Although newly available farmland and heavy discounts on equipment might be attractive, experienced farmers and business experts alike recommend you hang onto cash instead of letting it burn a hole in your pocket.
One of the best ways to preserve working capital this harvest and beyond will be to revisit loans, producer R.D. Wolheter says.
“We keep as much debt as possible on land—in other words, long-term financing,” explains Wolheter, who farms about 3,000 acres of corn, soybeans and wheat in Wolcotville, Ind. “We’ve refinanced to lock in some pretty good interest rates.”
For his operation, the process of restructuring started in 2013 and continued this year. Wolheter also has taken advantage of locking in a little machinery debt at a “fairly low rate” and is getting a lower interest rate on a bin he is building through USDA–Farm Service Agency.
“A lot of people feel there is more of a hassle and more paperwork to go through, and there is,” Wolheter says.
“But you just learn how to do things, work with them and do what needs to be done.”
The decisions Wolheter is making should be on the minds of producers across the Corn Belt, not only this harvest but for the next three to four years, says Mike Boehlje, ag economist at Purdue University.
“Our numbers suggest we’re still going to be in a loss position for the 2015/16 crop,” Boehlje says. “We don’t expect to get back closer to a breakeven position until maybe 2017/18. That means farmers are going to have to be much more cash conscious than they have been.”
Maintaining enough working capital to manage through difficult years is good risk management.
“In order to ensure two to three years’ worth of capital is retained in practice, producers should be transparent and communicative with their operating lender,” says John Zawistowksi, investment analyst at Prudential Agricultural Investments in Lisle, Ill. “This will help to secure a commitment from their lender year over year.”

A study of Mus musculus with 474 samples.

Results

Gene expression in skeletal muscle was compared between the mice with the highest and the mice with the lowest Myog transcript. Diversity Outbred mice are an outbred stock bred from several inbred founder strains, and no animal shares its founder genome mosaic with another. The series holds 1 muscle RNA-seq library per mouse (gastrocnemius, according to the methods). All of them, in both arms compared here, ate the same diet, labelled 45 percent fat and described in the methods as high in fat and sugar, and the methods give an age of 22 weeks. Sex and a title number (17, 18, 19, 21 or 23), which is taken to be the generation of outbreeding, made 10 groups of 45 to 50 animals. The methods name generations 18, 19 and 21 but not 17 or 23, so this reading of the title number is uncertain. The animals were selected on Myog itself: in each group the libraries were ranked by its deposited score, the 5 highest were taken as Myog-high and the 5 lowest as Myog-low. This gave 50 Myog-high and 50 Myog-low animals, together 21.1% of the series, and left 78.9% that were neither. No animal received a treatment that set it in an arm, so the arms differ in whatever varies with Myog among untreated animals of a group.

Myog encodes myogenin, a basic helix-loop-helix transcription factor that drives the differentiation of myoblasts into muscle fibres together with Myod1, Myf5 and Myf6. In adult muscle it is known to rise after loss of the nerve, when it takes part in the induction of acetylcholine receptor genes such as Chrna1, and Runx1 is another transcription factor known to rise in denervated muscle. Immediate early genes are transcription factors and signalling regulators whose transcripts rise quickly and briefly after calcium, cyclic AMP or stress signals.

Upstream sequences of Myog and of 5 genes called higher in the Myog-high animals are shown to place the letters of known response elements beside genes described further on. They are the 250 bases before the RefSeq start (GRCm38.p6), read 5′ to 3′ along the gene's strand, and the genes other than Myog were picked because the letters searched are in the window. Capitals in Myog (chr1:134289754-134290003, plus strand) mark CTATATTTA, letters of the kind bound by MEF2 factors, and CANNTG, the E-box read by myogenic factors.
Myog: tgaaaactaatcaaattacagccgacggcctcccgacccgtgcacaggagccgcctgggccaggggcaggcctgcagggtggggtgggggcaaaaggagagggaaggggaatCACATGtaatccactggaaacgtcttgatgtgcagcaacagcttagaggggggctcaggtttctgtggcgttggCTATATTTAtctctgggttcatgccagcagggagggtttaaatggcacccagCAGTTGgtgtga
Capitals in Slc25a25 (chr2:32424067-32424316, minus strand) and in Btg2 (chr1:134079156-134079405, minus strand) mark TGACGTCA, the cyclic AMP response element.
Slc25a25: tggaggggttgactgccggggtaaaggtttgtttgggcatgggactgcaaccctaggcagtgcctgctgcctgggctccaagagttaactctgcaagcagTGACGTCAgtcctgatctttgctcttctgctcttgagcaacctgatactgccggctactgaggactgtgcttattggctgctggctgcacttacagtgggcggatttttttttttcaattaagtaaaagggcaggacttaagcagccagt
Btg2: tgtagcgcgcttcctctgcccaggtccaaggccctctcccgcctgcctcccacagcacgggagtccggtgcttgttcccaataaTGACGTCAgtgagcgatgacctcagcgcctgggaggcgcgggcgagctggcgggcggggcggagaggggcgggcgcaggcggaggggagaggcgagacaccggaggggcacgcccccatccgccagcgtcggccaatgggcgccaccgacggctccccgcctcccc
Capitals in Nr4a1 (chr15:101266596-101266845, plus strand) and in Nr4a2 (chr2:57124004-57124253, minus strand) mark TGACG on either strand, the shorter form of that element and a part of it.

This harvest protect against downside risk with the option of capturing prices if they recover.
Where To Start. Next, turn your attention to existing expenses. Be aware you may be required to pay taxes on income generated between 2012 and 2015 that has been deferred through the use of Schedule F deductions.
To cut expenses, avoid buying farmland or machinery unless it fits your business plan.
Looking ahead, it might also be prudent to meet with your lenders now to extend loan periods beyond the typical 10-year repayment period for land and three- to five-year period for equipment, Boehlje says. Have a packet of paperwork prepared for your advisory team in the run-up to the loan review period that typically begins in December and runs through February.
Leave No Price Stone Unturned
Although the marketplace might look bleak to producers of all generations, it can seem especially worrisome to young farmers. There are reasons to remain cautious, but don’t lose sight of the future, says Mike Boehlje, ag economist, Purdue University.
“We think the outlook for the agricultural sector is pretty positive generally for the long run, but we’re at a bump in the road,” Boehlje says. “We want to make sure we don’t find ourselves behind the eight ball.”
That means no expense is too small to go unchecked, including family living costs such as new pickups and home additions.
“This is probably one of those times when some of these big-ticket personal expenses may need to be put on hold so that we don’t undercut the financial resiliency of the business, the cushion that we need to handle this downturn,” he explains.
Create a sheet that specifies the maximum price or price range in which you will purchase fertilizer, chemicals and traited seed to make decision-making more efficient and systematic.
“Make sure you have the best price you can find compared to competitors,” Boehlje says.